Well, the Cricketer’s Arms Hotel in Punt Road and the London Tavern in Lennox Street will think it’s a great idea. As will the other half-dozen hostelries within staggering distance of the MCG.

But the biggest winners of all, of course, from a twilight AFL grand final will be TV and in particular host broadcasters Ten and Seven, who alternate coverage of the big game each year. Their already sky-high ratings on the last Saturday in September will now, presumably, disappear into the stratosphere.

But who else will benefit from this mooted plan for a 5pm start to the Grand Final, as revealed in today’s Age? Certainly not most footy supporters, if talkback radio is any guide this morning. To a man, and woman, they derided the idea.

Even David White, the head of sport at Channel 10, was unable to come up with a plausible reason – for public consumption, anyway. At one stage, he tried lamely to tell Neil Mitchell on 3AW that it would be a much better time for Western Australians who watch the game. Well that’s just dandy then; run a red texta through 110 years of tradition just so Western Australia, who comprise a tiny percentage of the overall audience, can tune in over a late lunch.

The real reason Channel 10 want to change the starting time is, of course, money and why should we be surprised otherwise? Having paid a massive fee for broadcast rights, the network wants to milk more money out of this cash cow by making it an 12- or 15-hour television event, warming up with some old grand final replays, throwing to the main pre-game panel about lunchtime then making a seamless segue to the game at 5pm. Afterwards, the cameras would continue to roll at the official dinners for the winning and losing teams. As White admitted today, Channel 10 would expect a bigger national audience with a 5pm start.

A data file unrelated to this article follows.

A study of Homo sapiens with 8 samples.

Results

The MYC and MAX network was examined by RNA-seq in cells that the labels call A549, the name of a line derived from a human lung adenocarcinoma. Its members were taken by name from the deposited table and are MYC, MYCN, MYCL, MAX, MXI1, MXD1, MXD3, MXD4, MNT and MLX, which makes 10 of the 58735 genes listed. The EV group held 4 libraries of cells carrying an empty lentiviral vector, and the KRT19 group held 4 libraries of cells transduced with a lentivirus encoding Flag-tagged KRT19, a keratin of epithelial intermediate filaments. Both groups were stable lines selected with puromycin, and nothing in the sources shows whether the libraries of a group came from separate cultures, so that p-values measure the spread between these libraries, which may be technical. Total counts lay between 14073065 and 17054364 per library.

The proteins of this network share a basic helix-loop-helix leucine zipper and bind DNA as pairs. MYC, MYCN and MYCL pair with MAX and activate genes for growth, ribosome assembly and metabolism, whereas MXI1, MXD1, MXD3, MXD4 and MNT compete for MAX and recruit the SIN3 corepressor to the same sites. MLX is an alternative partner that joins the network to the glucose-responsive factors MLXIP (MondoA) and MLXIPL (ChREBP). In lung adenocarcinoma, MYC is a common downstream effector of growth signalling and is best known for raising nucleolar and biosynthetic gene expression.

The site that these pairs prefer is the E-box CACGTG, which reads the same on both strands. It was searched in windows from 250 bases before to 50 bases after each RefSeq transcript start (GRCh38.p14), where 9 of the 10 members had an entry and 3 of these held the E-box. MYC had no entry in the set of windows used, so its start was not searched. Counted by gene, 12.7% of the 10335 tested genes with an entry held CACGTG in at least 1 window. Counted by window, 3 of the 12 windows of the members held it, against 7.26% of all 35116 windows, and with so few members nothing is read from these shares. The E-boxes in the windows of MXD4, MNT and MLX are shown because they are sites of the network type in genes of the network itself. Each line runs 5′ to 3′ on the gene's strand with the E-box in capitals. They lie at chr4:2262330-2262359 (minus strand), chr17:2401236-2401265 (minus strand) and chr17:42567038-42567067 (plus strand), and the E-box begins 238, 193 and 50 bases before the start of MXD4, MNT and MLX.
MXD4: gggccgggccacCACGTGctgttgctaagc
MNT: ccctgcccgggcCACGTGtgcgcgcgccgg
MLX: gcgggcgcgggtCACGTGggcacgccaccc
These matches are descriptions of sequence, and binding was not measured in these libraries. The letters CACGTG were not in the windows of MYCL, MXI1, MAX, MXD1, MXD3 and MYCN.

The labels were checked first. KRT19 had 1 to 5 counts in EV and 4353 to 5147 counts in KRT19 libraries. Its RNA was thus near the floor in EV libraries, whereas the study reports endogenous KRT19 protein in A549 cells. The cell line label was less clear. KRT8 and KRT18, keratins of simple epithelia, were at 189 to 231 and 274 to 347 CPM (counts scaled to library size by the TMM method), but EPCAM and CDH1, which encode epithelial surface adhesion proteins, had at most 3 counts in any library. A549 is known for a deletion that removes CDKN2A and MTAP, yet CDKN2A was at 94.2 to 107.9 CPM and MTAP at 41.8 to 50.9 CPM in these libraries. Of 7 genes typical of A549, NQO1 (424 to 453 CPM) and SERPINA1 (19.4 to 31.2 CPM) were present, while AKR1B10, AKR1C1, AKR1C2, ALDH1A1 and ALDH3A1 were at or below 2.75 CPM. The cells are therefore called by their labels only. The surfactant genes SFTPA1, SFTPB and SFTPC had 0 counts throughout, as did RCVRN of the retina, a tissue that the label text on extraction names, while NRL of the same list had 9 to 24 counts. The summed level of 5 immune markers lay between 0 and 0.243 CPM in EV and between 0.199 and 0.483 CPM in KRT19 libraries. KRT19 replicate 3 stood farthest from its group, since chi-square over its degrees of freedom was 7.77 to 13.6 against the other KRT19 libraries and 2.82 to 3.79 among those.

But the TV networks, and the AFL, will tamper with tradition at their peril. Quite possibly the changes will be made at the expense of the spectacle. Also, the social implications are potentially worrying.

Grand final lunches will surely become all the rage. By the time of the first bounce, half of the AFL-supporting public could be three parts cut. And those blokes who zig-zag their way to the game from nearby pubs will make for an interesting atmosphere at the ground.

Memo AFL: best book up the extra coppers now, and budget for all the overtime and penalty rates. It could make the worst excesses of the Kentucky Derby – or even Melbourne Cup day – look like a temperance society meeting.

In the unlikely event the North Melbourne Grand Final breakfast continues to flourish, that will mean a 7am start for those luminaries who attend, such as the Prime Minister, Gerry Connolly and the Opposition Leader, and at least a 9pm finish by the time they arrive back home. That’s a big day even by David Boon’s standards.

Also, the 5pm start is a compromise. The NRL grand final has become a night-time event in recent years but the AFL is sitting on the fence on this one – a position it is not altogether unaccustomed to. A twilight game is neither Arthur not Martha, neither day nor night. Or as it was once famously said of New Zealand’s pedestrian medium-pacer Bob Cunis: “His bowling, like his name, was neither one thing nor the other.”

No, best put the twilight idea to bed. Let’s call it a day.